Coal reserves are defined for mining by conducting drilling programs for coal quality sampling and geotechnical assessment. All holes are geophysically logged to assist in stratigraphic correlation and geotechnical evaluation. Coal cores are analysed for a wide range of characteristics including chemical composition and expected physical behaviour in utilisation processes.
The main chemical tests are for specific energy, ash, moisture, volatiles, sulphur and carbon content. Ash fusion and grindability are important tests for power station applications. Geologists maintain databases of this information so that modelling of these parameters can be undertaken.
Mine planning is an essential part of successfully designing and operating a mine. A considerable amount of expenditure and information is required to define a coal deposit, design the mine, then extract and prepare the coal for the customer.
The mine operations have conceptual plans for nearly 30 years and detailed plans covering periods of 5-15 years, where the detail is sufficient to allow planning of overburden removal and coal haulage.
The basic data comes from the geological model of the mine. To build a geological model, the geologist collates, analyses and interprets all the exploration drilling information. Once mining has commenced, in-pit mapping and coal quality monitoring is used to regularly refine these models.
Geologists use the Deswick modelling system and the result is a set of three-dimensional (3D) computer models and plans of coal seam structure (position in the ground), coal quality, roof and floor materials, interburden lithological types and chemistry, coal and interburden thickness (isopachs) and structural features such as faults and folds.
Each seam has a different set of distinguishing features. These include thickness, quality, partings or plies, roof and floor characteristics and its relationships to the surrounding seams. Coal Quality Geologist use these attributes when assessing the suitability and sequencing of mining a seam. The main quality parameters used daily are moisture, ash, Hardgrove Grindability Index, sulphur and specific energy.
TMining Engineers use the quality data and structural models to design the mine and schedule production. The pits are divided into “blocks” to aid design and reporting. The coal quality information is averaged over a block, initially on an in-situ basis.
This block-by-block data is fed into computer spreadsheets where run-of-mine (ROM) ash and specific energy are calculated using different roof and floor dilutions depending on the material type. The ROM quality is updated weekly as the seams are mined to reflect the actual ROM seam quality.
Mine planning is undertaken by Mining Engineers using Deswick mine-planning software and XPAC scheduling software. Planning is a continuous process as new information comes to light in the mining process. Premier Coal produces “long-term” (1 to 5 years) and “medium-term” (1 to 12 months) plans to ensure that adequate coal seams are exposed and extracted in a timely manner to meet customer contract specifications.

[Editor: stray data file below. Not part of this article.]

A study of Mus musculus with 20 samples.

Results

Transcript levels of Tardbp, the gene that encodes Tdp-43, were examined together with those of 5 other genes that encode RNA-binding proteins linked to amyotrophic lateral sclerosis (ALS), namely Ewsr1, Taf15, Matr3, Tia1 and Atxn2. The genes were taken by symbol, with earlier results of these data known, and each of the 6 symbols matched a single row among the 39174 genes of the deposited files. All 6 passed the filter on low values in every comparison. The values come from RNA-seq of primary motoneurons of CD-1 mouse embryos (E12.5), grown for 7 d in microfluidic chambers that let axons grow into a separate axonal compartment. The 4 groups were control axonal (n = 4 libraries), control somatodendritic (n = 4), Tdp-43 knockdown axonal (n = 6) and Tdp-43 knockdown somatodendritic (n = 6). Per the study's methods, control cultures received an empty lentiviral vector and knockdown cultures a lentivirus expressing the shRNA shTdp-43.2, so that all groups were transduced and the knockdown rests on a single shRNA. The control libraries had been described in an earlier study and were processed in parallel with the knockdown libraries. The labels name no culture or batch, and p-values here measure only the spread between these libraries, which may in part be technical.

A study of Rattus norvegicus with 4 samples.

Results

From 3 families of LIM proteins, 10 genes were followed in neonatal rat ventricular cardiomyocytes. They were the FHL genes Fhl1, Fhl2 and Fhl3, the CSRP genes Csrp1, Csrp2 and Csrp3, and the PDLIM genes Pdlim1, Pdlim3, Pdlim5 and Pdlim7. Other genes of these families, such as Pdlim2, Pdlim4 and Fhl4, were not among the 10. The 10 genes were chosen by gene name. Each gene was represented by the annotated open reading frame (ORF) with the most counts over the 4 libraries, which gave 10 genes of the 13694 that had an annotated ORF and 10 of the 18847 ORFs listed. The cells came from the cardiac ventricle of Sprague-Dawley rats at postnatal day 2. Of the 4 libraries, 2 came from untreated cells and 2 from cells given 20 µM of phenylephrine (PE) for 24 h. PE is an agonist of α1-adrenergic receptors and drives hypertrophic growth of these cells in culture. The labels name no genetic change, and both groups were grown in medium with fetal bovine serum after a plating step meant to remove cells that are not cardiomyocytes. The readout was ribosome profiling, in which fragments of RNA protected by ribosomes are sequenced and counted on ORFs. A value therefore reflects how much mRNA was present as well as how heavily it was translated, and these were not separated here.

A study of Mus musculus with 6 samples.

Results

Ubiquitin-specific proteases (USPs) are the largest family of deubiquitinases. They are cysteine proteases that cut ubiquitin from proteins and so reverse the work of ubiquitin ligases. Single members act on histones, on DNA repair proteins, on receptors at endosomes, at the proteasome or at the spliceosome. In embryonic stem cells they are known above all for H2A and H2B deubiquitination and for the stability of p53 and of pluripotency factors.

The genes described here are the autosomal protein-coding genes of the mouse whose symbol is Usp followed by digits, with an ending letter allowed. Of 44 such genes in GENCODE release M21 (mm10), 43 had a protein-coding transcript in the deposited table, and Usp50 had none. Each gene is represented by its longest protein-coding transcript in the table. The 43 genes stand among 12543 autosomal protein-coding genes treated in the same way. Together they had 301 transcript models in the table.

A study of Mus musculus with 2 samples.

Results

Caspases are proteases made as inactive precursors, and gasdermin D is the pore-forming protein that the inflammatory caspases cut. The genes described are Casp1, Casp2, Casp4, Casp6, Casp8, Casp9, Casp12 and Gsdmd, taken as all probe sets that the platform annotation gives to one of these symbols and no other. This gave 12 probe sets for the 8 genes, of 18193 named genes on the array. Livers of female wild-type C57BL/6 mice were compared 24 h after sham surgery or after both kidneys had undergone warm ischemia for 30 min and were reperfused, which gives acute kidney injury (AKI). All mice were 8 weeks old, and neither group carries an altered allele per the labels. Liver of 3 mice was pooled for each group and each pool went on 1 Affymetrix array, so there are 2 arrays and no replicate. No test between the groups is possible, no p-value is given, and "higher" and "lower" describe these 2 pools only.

Mine Planners produce a short-term weekly plan. The plan details where overburden and coal is scheduled to be mined and where it is to be hauled. The appropriate block qualities are juggled against tonnes to obtain the desired coal blend for the customers. The overburden is dumped according to its chemical characteristics, mainly acid potential, to ensure optimal rehabilitation outcomes.
The mining process begins with clearing of vegetation, topsoil removal and stockpiling, followed by laterite removal and stockpiling. Vegetation removal involves harvesting of any commercial forest products by the Department of Conservation and Land Management (CALM). Any useful firewood remaining is then collected by mining personnel. Remnants of no use are bulldozed into windrows and burnt. Topsoil removal is a critical process as this material is used in rehabilitation of the mine back to local native vegetation. Care is taken to ensure that the spread of any jarrah dieback is minimised. Laterite also plays a vital role in the mine as it is a prime commodity for road building.
Once the area is cleared, overburden removal can then commence.
The exposed coal seams are cleaned with dozers and graders before being mined using hydraulic excavators (in backhoe configuration). Thicker coal seams commonly require blasting prior to mining to maintain productivity rates, but thinner coal can be ripped with dozers to avoid blasting. In some cases, coal is “free dug” by the excavators.
The coal is hauled to the coal handling plant using the same truck fleet as used for “dirt” removal. Processing involves crushing and sizing prior to blending on stockpiles. The coal plant at Premier has a Malco Stacker Reclaimer system which produces an extremely consistent product by virtue of stacking in one direction and reclaiming at right angles. The coal product is delivered to either of the nearby coal-fired power stations, via overland conveyor systems. Deliveries to other customers occur by rail or truck using the train load-out system.